Pocahontas' Earrings Go On Show At Museum In Docklands

By David Prudames | 10 June 2005

Bly Straube, curator of the Jamestown Rediscovery project in the USA, stands guard beside Pocahontas' earrings. Courtesy Museum in Docklands.

A pair of earrings traditionally considered to have been worn by Pocahontas has gone on display at the Museum in Docklands.

The earrings will be on show until July 7 2005 alongside a number of artefacts unearthed at the site of the 17th century Jamestown settlement in Virginia, USA. They’ve been brought over to mark the start of celebrations for the 400th anniversary in 2007 of the first permanent English colony.

David Spence, director of the Museum in Docklands, said the display is a chance for the public to make a tangible link with a much-mythologised character.

"When I said to my daughter we’ve got Pocahontas’ earrings she said 'what, is she real?' So this is actually an opportunity for someone that people know to come alive," he told the 24 Hour Museum.

Shows a painting of Pocahontas in 17th century English attire.

Pocahontas - a portrait after an engraving made by 17th century society portraitist Simon van de Passe. Courtesy Museum in Docklands.

It’s a chance, he added, for the museum "to actually say, these stories are based on reality and here’s the evidence. Disney did us a huge favour and now our bit is to tell people the true story behind it."

As every fan of feature-length animation knows, Pocahontas was the ‘Indian Princess’ who saved Jamestown settler Captain John Smith from death and married his compatriot John Rolfe in 1616 before coming to England a celebrity. She was granted an audience with King James and Queen Charlotte, had her portrait engraved and was eventually buried in Gravesend.

The image of this ‘noble savage’ was a popular one and her name quickly passed into folklore. However, there are few artefacts that provide a direct and tangible connection to her. Apart, that is, from her earrings.

Shows a photograph of a pair of earrings made out of mussel shells.

Did these earrings grace the ears of one Pocahontas? Courtesy Museum in Docklands.

It’s not known whether the hefty pearls really dangled from Pocahontas’ ears or not, but for Bly Straube, curator of the Jamestown Rediscovery project in the USA, the circumstantial evidence provides a decent case.

To start with pearls were often worn by Native American nobility, yet this pair has silver rims with steel point inlays, which suggests they were set in England. However, we do know that while imprisoned in the Tower of London the Earl of Northumberland repaired some earrings for Pocahontas.

"In 1866 a new bride of the Rolfe family was presented with them," Bly told the 24 Hour Museum, "and told that they were handed down through the generations and had been Pocahontas’ earrings."

Shows a photograph of a silver ear picker for cleaning teeth and ears. At one end is a sharp point, at the other a spoon and in the middle an ornamental fish.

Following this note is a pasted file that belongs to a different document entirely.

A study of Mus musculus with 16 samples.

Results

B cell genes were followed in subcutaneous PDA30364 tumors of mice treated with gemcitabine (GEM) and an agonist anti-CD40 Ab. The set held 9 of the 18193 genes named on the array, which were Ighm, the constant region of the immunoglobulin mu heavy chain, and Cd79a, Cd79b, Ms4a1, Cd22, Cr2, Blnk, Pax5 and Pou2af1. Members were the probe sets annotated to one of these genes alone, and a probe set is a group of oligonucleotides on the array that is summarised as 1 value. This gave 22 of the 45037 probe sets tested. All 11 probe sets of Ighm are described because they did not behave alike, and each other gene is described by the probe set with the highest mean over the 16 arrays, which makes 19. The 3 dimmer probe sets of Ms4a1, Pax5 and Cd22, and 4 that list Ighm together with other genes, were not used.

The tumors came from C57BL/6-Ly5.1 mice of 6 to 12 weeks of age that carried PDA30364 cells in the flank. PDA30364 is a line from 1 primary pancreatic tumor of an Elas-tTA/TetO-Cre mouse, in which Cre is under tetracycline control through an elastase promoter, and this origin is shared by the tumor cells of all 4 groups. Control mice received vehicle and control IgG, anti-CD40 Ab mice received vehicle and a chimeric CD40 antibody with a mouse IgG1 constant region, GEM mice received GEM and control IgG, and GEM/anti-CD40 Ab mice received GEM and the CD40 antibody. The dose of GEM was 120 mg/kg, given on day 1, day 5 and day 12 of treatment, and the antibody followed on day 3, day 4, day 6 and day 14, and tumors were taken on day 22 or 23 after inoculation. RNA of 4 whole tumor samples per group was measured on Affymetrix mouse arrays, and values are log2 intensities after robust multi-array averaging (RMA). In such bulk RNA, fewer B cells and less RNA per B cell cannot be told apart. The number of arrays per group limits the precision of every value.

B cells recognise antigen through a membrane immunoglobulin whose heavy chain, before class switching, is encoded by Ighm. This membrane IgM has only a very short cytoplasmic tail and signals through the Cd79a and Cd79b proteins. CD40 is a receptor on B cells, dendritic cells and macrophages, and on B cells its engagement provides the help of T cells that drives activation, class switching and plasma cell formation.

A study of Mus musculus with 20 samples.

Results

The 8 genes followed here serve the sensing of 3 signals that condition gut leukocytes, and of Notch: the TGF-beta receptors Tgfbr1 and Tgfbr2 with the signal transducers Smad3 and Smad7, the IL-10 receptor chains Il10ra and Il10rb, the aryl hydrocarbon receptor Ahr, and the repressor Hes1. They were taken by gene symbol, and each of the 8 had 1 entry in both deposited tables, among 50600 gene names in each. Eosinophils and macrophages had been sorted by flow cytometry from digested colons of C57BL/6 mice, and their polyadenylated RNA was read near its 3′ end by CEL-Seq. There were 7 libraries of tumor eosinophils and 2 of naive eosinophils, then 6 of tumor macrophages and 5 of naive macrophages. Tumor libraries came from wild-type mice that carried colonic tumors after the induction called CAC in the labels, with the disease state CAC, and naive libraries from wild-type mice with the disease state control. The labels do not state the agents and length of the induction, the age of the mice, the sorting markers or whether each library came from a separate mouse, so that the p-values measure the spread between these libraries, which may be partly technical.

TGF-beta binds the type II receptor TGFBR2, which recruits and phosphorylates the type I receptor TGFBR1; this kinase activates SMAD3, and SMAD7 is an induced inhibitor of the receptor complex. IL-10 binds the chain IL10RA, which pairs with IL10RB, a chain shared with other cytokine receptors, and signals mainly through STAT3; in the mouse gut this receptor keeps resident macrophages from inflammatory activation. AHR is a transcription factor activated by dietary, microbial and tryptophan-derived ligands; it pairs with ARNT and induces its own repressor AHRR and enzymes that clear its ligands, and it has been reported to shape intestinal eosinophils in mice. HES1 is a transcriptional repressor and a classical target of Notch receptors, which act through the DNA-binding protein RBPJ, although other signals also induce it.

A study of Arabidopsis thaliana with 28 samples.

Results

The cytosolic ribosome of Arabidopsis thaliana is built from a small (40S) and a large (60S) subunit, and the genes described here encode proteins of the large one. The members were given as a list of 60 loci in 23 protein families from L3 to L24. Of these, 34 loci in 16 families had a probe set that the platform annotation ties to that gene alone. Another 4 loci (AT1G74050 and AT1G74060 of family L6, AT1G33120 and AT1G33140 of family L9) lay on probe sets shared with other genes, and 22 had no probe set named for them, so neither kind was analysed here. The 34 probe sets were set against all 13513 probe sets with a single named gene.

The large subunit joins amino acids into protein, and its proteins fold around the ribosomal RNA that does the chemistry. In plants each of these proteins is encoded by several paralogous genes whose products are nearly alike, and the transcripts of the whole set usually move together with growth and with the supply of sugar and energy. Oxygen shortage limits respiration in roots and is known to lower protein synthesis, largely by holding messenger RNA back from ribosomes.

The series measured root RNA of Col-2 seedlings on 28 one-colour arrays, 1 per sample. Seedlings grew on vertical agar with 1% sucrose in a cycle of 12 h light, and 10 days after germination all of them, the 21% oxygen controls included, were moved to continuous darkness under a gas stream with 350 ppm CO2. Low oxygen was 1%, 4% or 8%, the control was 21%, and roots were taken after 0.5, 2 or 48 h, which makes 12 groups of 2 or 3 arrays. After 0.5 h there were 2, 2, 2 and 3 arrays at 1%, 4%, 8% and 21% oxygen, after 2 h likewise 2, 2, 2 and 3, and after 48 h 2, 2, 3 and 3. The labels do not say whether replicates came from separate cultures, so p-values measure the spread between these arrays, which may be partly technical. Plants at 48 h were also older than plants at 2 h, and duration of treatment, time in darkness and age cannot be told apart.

A silver ear picker used for cleaning teeth and ears, unearthed at the James Fort archaeological site. Courtesy APVA Preservation Virginia.

Made out of mussel shells and silver, they were exhibited at the Chicago World’s Fair in the late 19th century and purchased by the Association for the Preservation of Virginia Antiquities in around 1948.

However, they are among a host of fascinating artefacts associated with the Jamestown settlement to go on show at Docklands: "For the first time we are seeing archaeology that tells us about London as well as about America coming back to London." explained David Spence.

Jamestown was first settled in 1607 at the behest of the Virginia Company when three ships were sent across the Atlantic in search of natural resources with which to trade.

Shows a photograph of a translucent arrowhead made out of quartz.

Found in James Fort, quartz crystal points like these were probably never used as arrow heads but may represent arrows the colonists say they received as gifts from the natives. Courtesy APVA Preservation Virginia.

In the past historians have written off the settlement as a failure destroyed by disease and starvation. But excavations in recent years are leading archaeologists to re-appraise it and celebrations in 2007 will see it recognised as the first permanent English colony and the birthplace of the USA as we know it.

The case of objects on display at the Museum in Docklands is a tiny percentage of the 750,000 artefacts unearthed at the site, but it offers a fascinating insight into the lifestyle of those who lived there.

One item in particular stands out: a pewter flagon found down a well inside James Fort. The well dates to the 1620s and the flagon was probably lost while being used to collect water, but bearing the initials P R E under the thumb piece, it’s an irresistible connection to known colonists Richard and Elizabeth Pierce.

Shows a photograph of the thumb piece of a pewter flagon, which bears the initials P R E.

The pewter flagon discovered down a well that dates back to the 1620s. Courtesy APVA Preservation Virginia.

Such connections to settlers will make up an expanded exhibition the museum is planning as part of the cross-Atlantic celebrations in 2007. For David Spence it’s the personalities involved and the links artefacts provide to them that really fire the imagination.

"What we are really interested in are the people behind the objects," he said. "We know the names and we can piece together their lives, giving us a way of bringing them to life."

For more information about the Jamestown settlement and archaeological excavations at the site, visit www.historicjamestowne.org.